In its new report, From Lament to Action, the Church of England has decided to focus on race. Now, there is no question that racism exists within all cultures, but the Judaeo-Christian tradition has always been opposed to it. Christianity emphasises the common origin of all humans, made in God’s image, and contemporary science corroborates this moral and spiritual insight. The Church is right to set its face against racism.
Predictably, however, the C of E report urges an audit of monuments and an examination of the Church’s complicity in the slave trade. Why doesn’t it celebrate the long tradition of those Christians who devoted their lives to abolition?
The Englishwoman St Bathilda, herself a former slave, and consort of Clovis II of France, campaigned against the slave trade and for the emancipation of slaves in the 7th century. Charlemagne was opposed to slavery and, in the medieval Church, it was declared to be against divine law. In England, St Anselm, Archbishop of Canterbury, outlawed slavery in 1102 at the Synod of Westminster. Bartolomé de Las Casas, the Dominican bishop of Chipas, Mexico, struggled for the freedom and dignity of the indigenous people of the Americas. He challenged the conquistadors and thereby initiated the discourse on human rights in Europe.
In more recent history, Anglicans like William Wilberforce and those in the Clapham Sect dedicated themselves and their resources to ending the slave trade and slavery itself. The Church Missionary Society was active in the resettlement of captives rescued from slave ships by the Royal Navy. Christianity has a glorious heritage: why not hold these saints up as examples for our conduct today? Why not stop actively seeking darkness, but look at the light?
Critical race theory (CRT), which the C of E seems to have embraced, conflates slavery and the slave trade with colonialism and the British empire. They are not the same. There are some empires that are wholly bad but the British empire was a mix. There were adventurers and exploiters but also high-minded civil servants and soldiers who did lasting good.
In India, for instance, there is no doubt that the ‘white nabobs’ enriched themselves at the expense of the Indian population. There were, however, those like Sir Charles Napier, the conqueror of Sind and undoubtedly a dedicated imperialist, who abolished slavery in the province. Sir John Lawrence was called ‘the saviour of the Punjab’ by Punjabis themselves. General John Jacob, the eponymous founder of the city of Jacobabad in modern Pakistan, was the creator of the vast irrigation system which has made the land around it fertile.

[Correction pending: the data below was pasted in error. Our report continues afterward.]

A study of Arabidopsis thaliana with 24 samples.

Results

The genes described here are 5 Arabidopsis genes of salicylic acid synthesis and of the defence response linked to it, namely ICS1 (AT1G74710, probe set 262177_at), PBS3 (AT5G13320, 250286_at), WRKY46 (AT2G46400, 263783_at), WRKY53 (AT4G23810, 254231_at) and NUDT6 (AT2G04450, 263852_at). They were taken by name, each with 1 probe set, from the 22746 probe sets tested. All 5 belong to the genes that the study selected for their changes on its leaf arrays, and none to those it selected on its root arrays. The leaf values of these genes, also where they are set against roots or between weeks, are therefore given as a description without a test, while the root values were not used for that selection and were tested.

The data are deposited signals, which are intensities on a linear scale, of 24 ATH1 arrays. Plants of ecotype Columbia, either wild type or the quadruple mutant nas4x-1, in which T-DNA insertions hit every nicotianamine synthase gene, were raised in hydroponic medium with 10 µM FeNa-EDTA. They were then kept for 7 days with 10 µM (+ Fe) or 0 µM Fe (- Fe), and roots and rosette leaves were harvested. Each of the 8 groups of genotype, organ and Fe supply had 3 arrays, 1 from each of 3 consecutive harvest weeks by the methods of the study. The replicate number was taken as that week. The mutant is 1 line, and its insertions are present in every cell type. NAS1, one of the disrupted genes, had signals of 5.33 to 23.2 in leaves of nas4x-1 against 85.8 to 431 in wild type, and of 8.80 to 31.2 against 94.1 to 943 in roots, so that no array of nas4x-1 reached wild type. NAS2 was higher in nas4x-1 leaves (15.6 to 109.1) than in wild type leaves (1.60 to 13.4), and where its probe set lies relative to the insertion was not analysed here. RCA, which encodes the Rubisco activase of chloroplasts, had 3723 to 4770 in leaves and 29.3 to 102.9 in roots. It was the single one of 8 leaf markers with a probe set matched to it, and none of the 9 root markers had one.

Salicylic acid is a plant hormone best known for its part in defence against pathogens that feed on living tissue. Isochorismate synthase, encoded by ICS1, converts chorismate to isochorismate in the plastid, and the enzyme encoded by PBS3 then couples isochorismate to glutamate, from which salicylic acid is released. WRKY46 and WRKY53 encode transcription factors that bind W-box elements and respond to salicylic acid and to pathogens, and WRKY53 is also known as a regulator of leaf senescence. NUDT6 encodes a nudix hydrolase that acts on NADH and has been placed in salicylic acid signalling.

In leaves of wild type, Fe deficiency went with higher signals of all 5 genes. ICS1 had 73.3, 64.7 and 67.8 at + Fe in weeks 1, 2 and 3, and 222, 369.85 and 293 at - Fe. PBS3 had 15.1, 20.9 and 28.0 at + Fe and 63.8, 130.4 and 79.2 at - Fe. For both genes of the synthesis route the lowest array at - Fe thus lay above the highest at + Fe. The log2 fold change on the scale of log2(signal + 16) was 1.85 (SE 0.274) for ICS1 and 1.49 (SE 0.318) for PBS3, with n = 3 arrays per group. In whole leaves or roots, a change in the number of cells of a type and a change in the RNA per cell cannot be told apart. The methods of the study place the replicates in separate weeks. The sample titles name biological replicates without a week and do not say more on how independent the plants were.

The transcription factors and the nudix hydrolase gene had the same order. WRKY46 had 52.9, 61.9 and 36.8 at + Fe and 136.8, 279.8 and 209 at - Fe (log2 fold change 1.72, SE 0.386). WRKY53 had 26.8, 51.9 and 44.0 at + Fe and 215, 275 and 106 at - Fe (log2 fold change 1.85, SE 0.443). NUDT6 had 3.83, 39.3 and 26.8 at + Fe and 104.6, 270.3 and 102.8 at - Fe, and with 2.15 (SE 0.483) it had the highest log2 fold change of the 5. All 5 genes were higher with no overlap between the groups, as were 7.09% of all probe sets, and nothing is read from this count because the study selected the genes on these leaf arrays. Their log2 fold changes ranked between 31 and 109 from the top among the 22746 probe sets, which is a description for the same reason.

Certainly there was racism in the Church, but there were also clergy like C.F. Andrews, who collaborated with Gandhi in the struggle for independence. In southern Africa, British churchmen were prominent in the fight against apartheid. Think of Bishops Colin Winter and Trevor Huddleston, and Frank Weston in British East Africa, whose cathedral in Zanzibar was built on the site of the old Arab slave market. Weston vigorously opposed the colonial policy of forced labour.
Today the Anglican Communion is a racially and culturally diverse family of 41 provinces bound together by a common faith. If the C of E was really interested in diversity, the report would recommend reflecting and representing these different cultures in its own structures. While seeking to recruit from a diverse pool locally, it would also insist on drawing on the pool of undoubted talent from the various provinces, especially clergy and lay people outside the UK who are socially conservative and look with suspicion on anything too ‘woke’.
Of course we’re all inclined to promote ‘people like us’; it’s human nature. But the Archbishops’ advisers and the Crown Nominations Commission should resist the impulse to recruit only those who think as they do. They should encourage diocesan representatives to be bold in considering candidates from a variety of backgrounds, and appoint those best equipped for the work, because neither ‘tokenism’ nor a quota system, as advocated by the report, will produce a healthy and well-equipped ministry.
The other, more fundamental difficulty is that CRT, the intellectual underpinning of the theology commended in the report, is, at heart, in opposition to Christ and Christ’s message. It is based on Marxist ideas of exploitation and seeks to make victims of any groups deemed ‘oppressed’, so as to use them to overthrow the existing system. The theory seeks success through conflict, not through peaceful means; and, as I hope the Church hierarchy will one day understand, it is hostile to the reconciliation and fellowship demanded by the Gospel.
Rather than importing identity politics into the Church, we should be seeking to order our lives in the light of Christ, focussing on forgiveness and helping our neighbours. Where the training of clergy and lay people is concerned, our emphasis must be on deepening their knowledge of the Bible and the constant teaching of the Church, not deepening their knowledge of CRT and its many facets.
Church bureaucracy continues to mushroom, even as attendance and membership decline. Instead of recruiting another great cohort of diocesan and national officers to cater for this or that group, we should be ministering to the troubled people of our nation, supporting family life and encouraging people back to church. Our buildings must once again be open to all: the regulars and the casual, worshippers and tourists, so that we can proclaim our real faith — not in critical race theory, but in Christ.